Art therapy may help adults with mild cognitive impairment feel happier and more empowered—and slow the progress of cognitive decline.
By Sayan Roy
Cognitive decline is a serious risk faced by older adults around the world. A myriad of neuropsychiatric conditions such as dementia, Alzeihmer’s disease, and even post-traumatic stress disorder show signs of cognitive degeneration that creates long-term social and personal threats for the individual. Cognitive decline is a problem that not only makes the life of the patient difficult but also affects the emotions and the unity of family units too. Other than in-hospital multidisciplinary care, close community assistance coming in the form of support groups and family-centered care is invaluable in raising the patient’s quality of life.
Cognitive impairment can be so damaging that it can even take the life of the patient, but the stigmas around psychiatric care are so high in many societies that it can inhibit families from giving dignified care to their beloved family members. As social problems such as religious bigotry, health illiteracy, and racial discrimination accentuates the severity of cognitive impairment, a healthy, holistic healthcare model is often required for the dementia patients to improve the patient’s quality of life. The judicious use of medications in psychiatry can be well-complemented by non-pharmacological therapies, which is just the combination modern mental health frameworks are looking for. While non-availability of multidisciplinary care and rising healthcare costs can worsen the patient’s condition, affordable therapeutic techniques that foster creativity, artistic expression, and mindfulness in patients can also redress their cognitive difficulty and spark self-awareness. So, other than medications, what can help? Well, many things.
Art therapy and its many hands
Art is powerful: it can bring joy and empathy to our lives, help us connect to our souls, and create positive vibes in and around us. Art therapy and encouraging creative expressions can work magic in patients with mental health conditions, and many can regain cognitive well-being. Art benefits the patients in a number of ways, such as allowing emotional release, creating a sense of excitement, and bringing back curiosity in life. A recent study using Visual Arts Therapy (VAT) as a therapeutic tool with cognitively impaired patients implies art therapy also helps in building mindfulness to fight against anxiety and cognitive dysfunctions.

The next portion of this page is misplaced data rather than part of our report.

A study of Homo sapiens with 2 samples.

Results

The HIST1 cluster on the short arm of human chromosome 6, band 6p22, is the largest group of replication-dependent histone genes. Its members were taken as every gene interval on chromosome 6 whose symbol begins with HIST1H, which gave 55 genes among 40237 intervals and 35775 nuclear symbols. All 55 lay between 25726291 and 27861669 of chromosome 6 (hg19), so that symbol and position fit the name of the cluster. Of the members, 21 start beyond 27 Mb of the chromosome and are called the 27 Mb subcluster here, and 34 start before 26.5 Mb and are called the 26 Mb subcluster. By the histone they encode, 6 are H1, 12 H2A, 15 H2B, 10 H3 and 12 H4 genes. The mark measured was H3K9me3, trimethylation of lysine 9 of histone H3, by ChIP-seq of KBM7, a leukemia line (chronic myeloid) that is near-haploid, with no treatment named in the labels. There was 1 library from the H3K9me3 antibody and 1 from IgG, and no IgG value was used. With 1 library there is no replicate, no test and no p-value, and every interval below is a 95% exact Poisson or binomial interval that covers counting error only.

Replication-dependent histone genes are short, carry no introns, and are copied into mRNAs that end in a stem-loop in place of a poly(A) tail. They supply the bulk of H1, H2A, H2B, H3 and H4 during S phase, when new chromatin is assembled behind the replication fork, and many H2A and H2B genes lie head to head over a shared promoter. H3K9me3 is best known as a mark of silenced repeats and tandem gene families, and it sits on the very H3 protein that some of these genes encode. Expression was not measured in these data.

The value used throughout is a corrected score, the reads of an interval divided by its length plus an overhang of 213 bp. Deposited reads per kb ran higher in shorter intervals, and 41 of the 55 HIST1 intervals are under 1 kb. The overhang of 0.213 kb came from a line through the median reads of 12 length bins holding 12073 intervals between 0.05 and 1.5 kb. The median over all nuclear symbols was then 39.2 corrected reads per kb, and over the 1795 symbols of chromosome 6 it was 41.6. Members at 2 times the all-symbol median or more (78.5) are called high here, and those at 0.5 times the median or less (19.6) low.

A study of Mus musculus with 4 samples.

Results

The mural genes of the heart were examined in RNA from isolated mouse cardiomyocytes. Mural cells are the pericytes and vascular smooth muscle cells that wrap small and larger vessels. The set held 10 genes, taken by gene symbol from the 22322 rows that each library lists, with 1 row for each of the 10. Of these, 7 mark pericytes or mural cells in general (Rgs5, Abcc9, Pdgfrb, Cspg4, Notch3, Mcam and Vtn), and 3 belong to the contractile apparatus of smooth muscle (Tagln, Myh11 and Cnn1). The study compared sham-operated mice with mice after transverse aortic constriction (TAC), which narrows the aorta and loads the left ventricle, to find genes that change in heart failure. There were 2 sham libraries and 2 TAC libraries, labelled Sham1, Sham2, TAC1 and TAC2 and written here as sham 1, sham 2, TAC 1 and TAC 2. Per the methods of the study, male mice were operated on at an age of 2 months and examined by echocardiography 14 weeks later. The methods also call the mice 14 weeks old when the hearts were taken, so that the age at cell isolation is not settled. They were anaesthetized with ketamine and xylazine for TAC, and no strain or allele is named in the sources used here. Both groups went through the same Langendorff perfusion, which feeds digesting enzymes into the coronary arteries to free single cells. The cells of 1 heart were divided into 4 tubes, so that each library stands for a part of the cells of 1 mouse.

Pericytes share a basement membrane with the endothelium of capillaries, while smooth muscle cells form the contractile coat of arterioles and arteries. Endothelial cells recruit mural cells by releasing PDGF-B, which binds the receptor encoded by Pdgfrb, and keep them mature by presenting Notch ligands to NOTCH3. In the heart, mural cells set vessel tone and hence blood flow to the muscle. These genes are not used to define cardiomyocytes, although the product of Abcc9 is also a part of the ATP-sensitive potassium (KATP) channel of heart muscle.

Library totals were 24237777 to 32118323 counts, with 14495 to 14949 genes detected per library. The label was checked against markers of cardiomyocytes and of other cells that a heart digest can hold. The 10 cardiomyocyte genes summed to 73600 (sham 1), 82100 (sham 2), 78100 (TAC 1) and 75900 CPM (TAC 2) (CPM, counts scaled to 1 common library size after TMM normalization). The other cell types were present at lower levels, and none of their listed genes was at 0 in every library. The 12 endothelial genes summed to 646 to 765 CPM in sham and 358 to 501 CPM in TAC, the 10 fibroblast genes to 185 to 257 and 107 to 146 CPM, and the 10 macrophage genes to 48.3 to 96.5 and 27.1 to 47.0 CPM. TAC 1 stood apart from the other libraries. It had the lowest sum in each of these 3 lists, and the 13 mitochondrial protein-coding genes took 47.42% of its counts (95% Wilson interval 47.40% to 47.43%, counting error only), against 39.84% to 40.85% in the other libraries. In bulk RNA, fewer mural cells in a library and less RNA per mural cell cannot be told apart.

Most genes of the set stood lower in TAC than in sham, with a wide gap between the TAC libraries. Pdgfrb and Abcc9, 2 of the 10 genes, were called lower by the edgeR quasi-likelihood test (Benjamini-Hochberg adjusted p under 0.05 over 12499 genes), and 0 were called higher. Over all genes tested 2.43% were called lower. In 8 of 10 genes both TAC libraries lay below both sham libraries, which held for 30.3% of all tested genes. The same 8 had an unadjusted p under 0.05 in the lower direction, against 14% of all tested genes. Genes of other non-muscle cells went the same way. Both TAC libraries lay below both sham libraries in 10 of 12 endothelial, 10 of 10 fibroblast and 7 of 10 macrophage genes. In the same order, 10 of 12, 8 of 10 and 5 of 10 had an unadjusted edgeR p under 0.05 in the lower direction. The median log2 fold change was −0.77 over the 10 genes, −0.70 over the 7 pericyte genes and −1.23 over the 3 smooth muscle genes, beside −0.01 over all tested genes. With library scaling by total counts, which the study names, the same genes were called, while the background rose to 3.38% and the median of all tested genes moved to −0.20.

The researchers, performing a mixed-method randomized control study, indicate that visual arts help to improve the functional status, executive function, memory, and overall cognitive functioning in the aged patients. Art therapy delivered with the Zentangle method improved self-dependability, motivation levels, emotional management, and sense of relaxation in the patients with cognitive and depressive disorders. Visual art therapy improved self-efficacy and feelings of empowerment in mental health patients much more than Health Education (HE) or standard cognitive training. As older adults with low levels of educational literacy were chosen as study participants, despite the challenge of health illiteracy and cultural restrictions to drawing activities, the VAT program was indicated to be more successful for developing patient’s well-being than the standard treatments.
Useful techniques and cultural experiences
According to the abovementioned study, building strong peer connections and strengthening community help networks will elevate the socio-cultural experience of art activities. Asking the patient to draw on lived experiences and reflect on those precious moments to create a piece of art is often rewarding. Using soft music as an environmental cue (for relaxation) and supporting the patient’s personal choice of colors for making art is recommended to improve the self-learning, acceptance, and coping abilities of the patients.
While further study will be required to confirm these findings, this research implies enriching the psychocultural experiences of mental health patients through art therapy programs would have a positive holistic impact on the community as a whole.
This study was published in the journal Journal of Geriatric Psychiatry and Neurology.
Masika, G. M., Yu, D. S. F., & Li, P. W. C. (2021). Can visual art therapy be implemented with illiterate older adults with mild cognitive impairment? A pilot mixed-method randomized controlled trial. Journal of Geriatric Psychiatry and Neurology, 34(1), 76-86.
About the Author
Sayan Roy writes about science, society, and anthropology for both general audiences and serious readers across the internet. He is a science writer and enthusiast who likes to read fiction novels. Connect with him on facebook at www.facebook.com/Saayan4u.